The government of the late Libyan ruler Muammar Gaddafi agreed to fund French President Nicolas Sarkozy's 2007 election campaign to the tune of $50.2m, a French news website has reported.
The Paris-based investigative website Mediapart on Saturday published what it said was documentary evidence of the illegal campaign funding.
Sarkozy has previously strongly denied the allegations when questioned by French journalists in March and April, although he has not yet commented to the latest docuement released by Mediapart.
France has strict campaign financing laws, banning politicians from taking funding from foreign states.
The 2006 document, written in Arabic, was signed by Gaddafi's intelligence chief Moussa Koussa, who currently lives in exile in Doha, Qatar.
It referred to an "agreement in principle to support the campaign for the candidate for the presidential elections, Nicolas Sarkozy, for a sum equivalent to 50 million euros [$50.2m]".
It refers to a meeting that allegedly took place on June 6, 2006 between Brice Hortefeux, Sarkozy’s close ally, and Ziad Takieddine, a Franco-Lebanese businessman who has been at the centre of a number of political scandals linked to Sarkozy and his inner circle.
During Sarkozy’s five years as president, Hortefeux served as France’s immigration and national identity minister and as interior minister. Takieddine, who acted as an envoy for Sarkozy from as early as 2005, told Mediapart that he was not present at the meeting but that the document otherwise appears to be genuine.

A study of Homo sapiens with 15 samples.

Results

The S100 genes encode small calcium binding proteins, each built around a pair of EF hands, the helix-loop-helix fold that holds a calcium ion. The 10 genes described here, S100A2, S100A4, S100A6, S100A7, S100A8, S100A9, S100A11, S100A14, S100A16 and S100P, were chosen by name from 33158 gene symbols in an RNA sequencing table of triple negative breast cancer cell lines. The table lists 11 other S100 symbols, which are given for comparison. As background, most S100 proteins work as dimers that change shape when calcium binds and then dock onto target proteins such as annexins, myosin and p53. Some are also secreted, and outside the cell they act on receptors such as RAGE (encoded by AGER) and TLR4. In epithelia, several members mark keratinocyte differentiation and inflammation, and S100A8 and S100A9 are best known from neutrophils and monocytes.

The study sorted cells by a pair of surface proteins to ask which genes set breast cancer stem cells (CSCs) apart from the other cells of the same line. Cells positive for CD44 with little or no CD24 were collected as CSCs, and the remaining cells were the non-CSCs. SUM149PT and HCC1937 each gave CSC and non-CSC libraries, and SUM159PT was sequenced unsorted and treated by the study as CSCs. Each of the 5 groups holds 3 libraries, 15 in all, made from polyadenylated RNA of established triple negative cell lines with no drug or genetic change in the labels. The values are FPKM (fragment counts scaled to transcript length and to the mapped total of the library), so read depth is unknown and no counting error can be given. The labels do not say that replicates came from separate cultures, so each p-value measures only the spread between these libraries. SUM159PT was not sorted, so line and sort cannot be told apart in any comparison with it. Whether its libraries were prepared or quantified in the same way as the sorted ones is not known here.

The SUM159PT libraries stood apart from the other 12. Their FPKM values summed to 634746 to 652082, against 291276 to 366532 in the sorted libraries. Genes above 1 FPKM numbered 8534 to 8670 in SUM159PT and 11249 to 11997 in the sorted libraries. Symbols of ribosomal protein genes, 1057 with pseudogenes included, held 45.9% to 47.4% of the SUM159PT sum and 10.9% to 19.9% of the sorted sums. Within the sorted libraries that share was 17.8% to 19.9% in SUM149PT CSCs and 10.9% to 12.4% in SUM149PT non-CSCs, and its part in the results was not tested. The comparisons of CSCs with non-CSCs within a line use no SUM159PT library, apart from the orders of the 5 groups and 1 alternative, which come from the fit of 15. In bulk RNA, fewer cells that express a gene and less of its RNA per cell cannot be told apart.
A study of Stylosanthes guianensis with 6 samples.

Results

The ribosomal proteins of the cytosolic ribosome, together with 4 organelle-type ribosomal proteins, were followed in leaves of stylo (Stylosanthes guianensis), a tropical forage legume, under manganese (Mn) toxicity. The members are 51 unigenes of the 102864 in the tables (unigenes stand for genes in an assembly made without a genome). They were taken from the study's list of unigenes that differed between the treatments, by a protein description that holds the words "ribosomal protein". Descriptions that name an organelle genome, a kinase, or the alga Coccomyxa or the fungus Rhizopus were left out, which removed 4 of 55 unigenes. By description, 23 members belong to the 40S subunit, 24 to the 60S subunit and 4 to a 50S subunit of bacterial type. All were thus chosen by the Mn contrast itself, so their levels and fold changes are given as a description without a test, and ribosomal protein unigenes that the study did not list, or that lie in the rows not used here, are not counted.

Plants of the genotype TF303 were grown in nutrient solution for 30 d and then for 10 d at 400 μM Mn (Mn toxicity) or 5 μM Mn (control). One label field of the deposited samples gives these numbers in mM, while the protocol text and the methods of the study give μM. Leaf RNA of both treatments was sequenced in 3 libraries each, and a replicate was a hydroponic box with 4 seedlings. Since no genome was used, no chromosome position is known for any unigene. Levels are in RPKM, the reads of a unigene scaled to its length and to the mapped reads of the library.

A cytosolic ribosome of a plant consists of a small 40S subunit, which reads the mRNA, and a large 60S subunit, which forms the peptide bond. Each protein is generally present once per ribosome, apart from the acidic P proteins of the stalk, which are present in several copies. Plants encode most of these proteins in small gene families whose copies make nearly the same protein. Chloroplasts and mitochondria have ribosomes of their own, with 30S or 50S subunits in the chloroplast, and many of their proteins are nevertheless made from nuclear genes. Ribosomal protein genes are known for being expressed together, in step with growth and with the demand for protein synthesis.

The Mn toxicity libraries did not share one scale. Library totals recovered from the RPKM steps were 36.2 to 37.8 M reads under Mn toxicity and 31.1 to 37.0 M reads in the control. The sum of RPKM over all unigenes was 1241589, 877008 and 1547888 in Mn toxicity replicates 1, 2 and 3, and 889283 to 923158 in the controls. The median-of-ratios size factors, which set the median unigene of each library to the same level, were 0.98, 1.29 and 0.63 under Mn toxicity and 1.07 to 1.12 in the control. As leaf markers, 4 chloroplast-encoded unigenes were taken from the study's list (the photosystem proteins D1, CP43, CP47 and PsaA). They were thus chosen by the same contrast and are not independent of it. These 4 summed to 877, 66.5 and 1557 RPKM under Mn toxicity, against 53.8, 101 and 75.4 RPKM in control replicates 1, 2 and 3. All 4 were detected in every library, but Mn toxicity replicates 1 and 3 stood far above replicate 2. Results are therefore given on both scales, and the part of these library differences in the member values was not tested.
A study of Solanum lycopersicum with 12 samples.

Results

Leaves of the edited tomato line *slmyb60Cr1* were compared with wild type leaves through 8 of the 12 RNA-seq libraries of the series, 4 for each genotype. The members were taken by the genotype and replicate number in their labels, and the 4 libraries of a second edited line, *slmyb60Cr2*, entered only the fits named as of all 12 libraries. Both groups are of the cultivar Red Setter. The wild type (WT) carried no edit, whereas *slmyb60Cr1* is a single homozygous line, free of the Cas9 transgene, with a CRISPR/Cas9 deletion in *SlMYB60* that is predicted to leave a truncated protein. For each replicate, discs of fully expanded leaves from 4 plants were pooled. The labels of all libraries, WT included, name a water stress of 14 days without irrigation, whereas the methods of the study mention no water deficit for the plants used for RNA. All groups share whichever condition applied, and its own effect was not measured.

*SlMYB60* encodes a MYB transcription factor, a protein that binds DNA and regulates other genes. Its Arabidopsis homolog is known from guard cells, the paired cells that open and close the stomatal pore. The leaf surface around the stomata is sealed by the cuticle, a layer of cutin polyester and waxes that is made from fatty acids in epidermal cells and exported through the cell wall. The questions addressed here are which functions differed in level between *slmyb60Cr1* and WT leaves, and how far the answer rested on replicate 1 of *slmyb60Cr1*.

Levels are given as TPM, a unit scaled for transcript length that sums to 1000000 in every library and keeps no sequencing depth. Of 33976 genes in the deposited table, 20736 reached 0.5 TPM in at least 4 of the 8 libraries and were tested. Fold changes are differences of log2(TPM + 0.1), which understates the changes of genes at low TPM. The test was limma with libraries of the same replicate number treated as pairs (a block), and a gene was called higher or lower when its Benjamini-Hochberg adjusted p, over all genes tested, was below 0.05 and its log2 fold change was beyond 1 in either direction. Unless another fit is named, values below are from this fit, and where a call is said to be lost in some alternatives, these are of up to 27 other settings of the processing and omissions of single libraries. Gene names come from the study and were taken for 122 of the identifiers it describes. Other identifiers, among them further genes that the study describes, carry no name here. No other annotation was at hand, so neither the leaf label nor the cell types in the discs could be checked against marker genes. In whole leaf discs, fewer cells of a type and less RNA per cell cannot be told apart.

"This document proves that what we have here is an 'affaire d'Etat', whether these 50 million euros were transferred or not," he said.
"The investigation will be difficult because many of those present were killed during the war in Libya, but it's still important that this document should be made public," Takieddine, who has himself come under frequent investigation by the news website, is quoted as saying in the report published on Saturday.
The allegations that Gaddafi had financed the conservative politician's first presidential campaign first came from Gaddafi himself in March 2011, shortly before France went on to play a lead role in NATO's military intervention in the north African country.
The investigative website has been following the story for more than a year, but claims that the document published on Saturday offers the most concrete proof yet of the illegal campaign financing allegations.
The document, Mediapart reports, was given to it by former high officials from Libya "a few days ago".
"The discovery of the note written by Mr. Koussa requires an official investigation - whether that be judicial, police or parliamentary - on this episode dark and concealed in Franco-Libyan relations," Mediapart writes.
Sarkozy will be seeking re-election on May 6, going up against the Socialist candidate Francois Hollande.
Bernard Cazeneuve, a spokesperson for Hollande, said in a statement on Saturday evening that Sarkozy "must explain himself before the French people" in response to the campaign funding allegations.
"Faced with such serious allegations, backed up by documents sourced from the Libyan dicator's own entourage, Nicolas Sarkozy must explain himself before the French people."
"Several times in recent weeks, specific information has been published by the press, relating to France's relationship with the Colonel Muammar Gaddafi's regime these last few years," Cazeneuve said.
Hollande's campaign also drew attention to the current presidents projects to sell French nuclear technology to Gaddafi, until September 2010.
This marks the first time the Socialist candidate has raised the allegations in his campaign, as the competition for the presidency intensifies.